Directed by: Buster Keaton & Clyde Bruckman.
Written by: Buster Keaton and Clyde Bruckman.
Starring: Buster Keaton (Johnnie Gray), Marion Mack (Annabelle Lee), Glen Cavender (Captain Anderson), Jim Farley (General Thatcher), Frederick Vroom (A Southern General), Charles Henry Smith Charles (Annabelle's Father), Frank Barnes (Annabelle's Brother), Joe Keaton (Union General), Mike Donlin (Union General), Tom Nawn (Union General).
The General is widely considered to be Buster Keaton’s best film – and even if personally I prefer Sherlock Jr. – I wouldn’t argue very strenuously against anyone who picked this film instead. The film shows Keaton at the height of his powers – including some of the best, most jaw dropping stunt work ever committed to film. It is also one of Keaton’s best narratives – with a story that moves at a breakneck pace for all 78 minutes of its runtime. I think Keaton has made funnier films and more magical films – but I’m not sure he’s made one quite this daring or as fast moving.
Keaton stars as Johnnie Gray – a Southern railroad engineer who is dejected when the Confederates won’t take him at the start of the Civil War. What he doesn’t quite understand is that they feel he will be more valuable to the South as an engineer than as a soldier. His beloved Annabelle (Marion Mack) is ashamed of him – and tells him she doesn’t want to see him again until he’s in a Confederate uniform.
A year passes, and Johnnie is still depressed and alone – and still an engineer. Union spies steal his beloved train – The General – and Johnnie gives chase – on foot, by bike, by sidecar and finally by hoping in another train and chasing him down. At various points, Johnnie thinks he has Confederate soldiers backing him up – but he keeps messing that up, so he’s all by himself, chasing down a group of soldiers who will do whatever necessary to stop him. The movie is essentially one long chase sequence – or two really – as first Johnnie has to catch up and retake his beloved train, and then he has to run away from the Union spies who chase him down after he steals it back.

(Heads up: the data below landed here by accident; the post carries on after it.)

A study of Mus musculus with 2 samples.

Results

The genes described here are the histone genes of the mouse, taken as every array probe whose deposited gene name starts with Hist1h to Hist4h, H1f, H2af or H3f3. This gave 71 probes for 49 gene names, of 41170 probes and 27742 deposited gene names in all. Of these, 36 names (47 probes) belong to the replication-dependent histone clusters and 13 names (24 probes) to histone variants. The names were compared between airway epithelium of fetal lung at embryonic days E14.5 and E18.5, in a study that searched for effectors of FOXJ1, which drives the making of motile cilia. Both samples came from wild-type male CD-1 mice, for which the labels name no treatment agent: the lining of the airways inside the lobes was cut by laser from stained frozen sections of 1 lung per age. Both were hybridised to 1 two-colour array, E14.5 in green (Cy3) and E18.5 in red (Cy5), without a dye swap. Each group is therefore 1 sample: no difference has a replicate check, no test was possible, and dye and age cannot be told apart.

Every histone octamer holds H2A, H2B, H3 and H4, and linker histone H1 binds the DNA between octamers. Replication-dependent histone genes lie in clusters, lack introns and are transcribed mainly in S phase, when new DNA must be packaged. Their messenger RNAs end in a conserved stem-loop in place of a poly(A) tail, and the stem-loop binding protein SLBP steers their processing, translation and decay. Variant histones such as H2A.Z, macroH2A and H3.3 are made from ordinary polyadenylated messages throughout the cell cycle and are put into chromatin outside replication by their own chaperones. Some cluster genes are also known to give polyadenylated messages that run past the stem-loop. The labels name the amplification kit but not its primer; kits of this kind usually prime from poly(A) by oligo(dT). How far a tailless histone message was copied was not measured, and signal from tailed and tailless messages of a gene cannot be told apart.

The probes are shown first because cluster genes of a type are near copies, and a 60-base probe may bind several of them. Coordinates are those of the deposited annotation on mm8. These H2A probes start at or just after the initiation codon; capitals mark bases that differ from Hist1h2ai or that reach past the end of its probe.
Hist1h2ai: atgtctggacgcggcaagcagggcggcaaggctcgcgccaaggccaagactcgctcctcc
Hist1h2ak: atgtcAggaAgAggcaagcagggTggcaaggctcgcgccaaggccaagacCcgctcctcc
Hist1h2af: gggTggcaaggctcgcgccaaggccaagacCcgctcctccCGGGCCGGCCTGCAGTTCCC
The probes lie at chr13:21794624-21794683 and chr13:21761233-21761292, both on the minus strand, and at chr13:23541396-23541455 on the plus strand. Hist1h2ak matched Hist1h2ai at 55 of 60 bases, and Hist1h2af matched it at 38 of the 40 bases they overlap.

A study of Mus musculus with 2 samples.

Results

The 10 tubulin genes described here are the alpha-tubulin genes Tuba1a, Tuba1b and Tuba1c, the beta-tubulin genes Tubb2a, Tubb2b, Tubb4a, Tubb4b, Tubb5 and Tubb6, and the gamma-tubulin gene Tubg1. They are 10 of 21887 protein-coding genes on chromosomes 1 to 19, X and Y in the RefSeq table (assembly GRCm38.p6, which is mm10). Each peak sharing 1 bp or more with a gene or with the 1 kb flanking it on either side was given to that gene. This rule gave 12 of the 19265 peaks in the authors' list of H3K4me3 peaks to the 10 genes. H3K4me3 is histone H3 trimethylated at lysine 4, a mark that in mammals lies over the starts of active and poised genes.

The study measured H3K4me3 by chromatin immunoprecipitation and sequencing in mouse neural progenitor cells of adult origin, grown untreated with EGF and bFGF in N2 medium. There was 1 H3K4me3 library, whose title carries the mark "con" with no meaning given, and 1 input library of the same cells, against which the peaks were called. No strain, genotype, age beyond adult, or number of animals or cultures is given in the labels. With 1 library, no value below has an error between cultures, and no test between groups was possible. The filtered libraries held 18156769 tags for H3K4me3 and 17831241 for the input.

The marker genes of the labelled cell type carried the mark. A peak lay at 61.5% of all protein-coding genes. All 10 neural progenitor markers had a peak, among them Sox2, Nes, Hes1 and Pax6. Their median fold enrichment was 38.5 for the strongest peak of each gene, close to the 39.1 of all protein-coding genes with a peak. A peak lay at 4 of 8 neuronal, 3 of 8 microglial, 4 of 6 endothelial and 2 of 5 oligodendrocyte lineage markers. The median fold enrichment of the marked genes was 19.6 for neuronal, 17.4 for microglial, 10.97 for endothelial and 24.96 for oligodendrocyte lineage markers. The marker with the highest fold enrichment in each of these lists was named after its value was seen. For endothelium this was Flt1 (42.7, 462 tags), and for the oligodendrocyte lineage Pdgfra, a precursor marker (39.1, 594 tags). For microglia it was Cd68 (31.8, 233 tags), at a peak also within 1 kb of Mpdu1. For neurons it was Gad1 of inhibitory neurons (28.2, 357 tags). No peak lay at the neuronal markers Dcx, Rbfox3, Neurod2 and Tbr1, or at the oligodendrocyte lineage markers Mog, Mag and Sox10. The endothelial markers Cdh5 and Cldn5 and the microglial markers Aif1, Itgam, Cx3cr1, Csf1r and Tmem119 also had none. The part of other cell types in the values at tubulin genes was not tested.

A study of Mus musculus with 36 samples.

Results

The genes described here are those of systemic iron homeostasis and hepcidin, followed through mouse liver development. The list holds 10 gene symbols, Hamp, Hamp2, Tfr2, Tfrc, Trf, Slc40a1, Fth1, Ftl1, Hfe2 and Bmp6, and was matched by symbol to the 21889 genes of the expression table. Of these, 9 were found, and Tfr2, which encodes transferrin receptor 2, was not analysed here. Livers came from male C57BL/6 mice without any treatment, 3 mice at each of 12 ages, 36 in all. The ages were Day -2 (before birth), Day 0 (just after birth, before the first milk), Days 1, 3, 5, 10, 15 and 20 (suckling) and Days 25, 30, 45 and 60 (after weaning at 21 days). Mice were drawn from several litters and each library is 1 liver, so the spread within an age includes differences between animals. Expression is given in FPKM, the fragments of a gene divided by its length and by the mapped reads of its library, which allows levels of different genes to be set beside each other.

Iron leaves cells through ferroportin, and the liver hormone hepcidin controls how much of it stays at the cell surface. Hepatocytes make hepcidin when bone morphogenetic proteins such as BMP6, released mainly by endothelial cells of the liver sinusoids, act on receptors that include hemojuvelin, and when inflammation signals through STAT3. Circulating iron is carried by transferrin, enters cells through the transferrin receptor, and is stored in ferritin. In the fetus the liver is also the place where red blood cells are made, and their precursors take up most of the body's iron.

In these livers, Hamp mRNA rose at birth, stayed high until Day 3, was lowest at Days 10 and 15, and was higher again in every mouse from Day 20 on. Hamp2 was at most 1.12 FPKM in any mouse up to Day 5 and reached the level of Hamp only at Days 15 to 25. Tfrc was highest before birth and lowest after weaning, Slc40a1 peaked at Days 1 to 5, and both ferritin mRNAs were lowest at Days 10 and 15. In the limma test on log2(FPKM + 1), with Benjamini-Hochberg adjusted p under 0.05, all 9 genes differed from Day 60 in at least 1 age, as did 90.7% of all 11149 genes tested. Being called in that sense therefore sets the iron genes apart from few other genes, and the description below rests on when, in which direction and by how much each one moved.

There is great stunt work by Keaton throughout The General. He will, at various times, run to the front of the engine – where sitting on the “cow catcher” clear the tracks of the logs placed their to try and derail him – often by daringly throwing other large block of wood onto them, so they flip off. He’ll run back and forth to the cars he’s pulling – fire a canon – jump on and off the train to pull the levers to switch tracks. He does this all with ease – far more ease in fact that the chase back to the South, where he’s saddled with his beloved Annabelle, who screws up more than she gets things right.
Much of The General happens at breakneck speed. There are few movies that are able to keep up this kind of pacing throughout the film – and even fewer that are able to provide this much action, humor and genuine heart than The General does. There is great stunt work throughout – but also some moments of wonderful, quieter visual power and humor – Keaton sitting on the spoke of a train that starts moving while he doesn’t notice, the background action as he’s so busy chopping wood he doesn’t notice a battle going on around him, the wonderful sequence where Keaton hides under a table and listens to the Union’s plans – and sees his beloved and knows he must rescue her.
At the time it was made, The General was one of the most expensive films ever. It’s easy to see why when you consider the cast of extras, the battle sequences and the fact that Keaton really does have a train crash off of a bridge. You could argue that The General was not unlike the blockbusters of today – yet no filmmaker today could do what Keaton does here. Yes, he has a ton of money being spent on his movie, but he never loses sight of his characters or the plot.
The movie is Keaton at his best – probably the film I would recommend that anyone start with when viewing Keaton for the first time. You’ll see him at his best – the Great Stone Face – as one damn thing after another conspires to crush him, and yet he simply puts his head down and charges right through. Quite simply, The General is a masterpiece.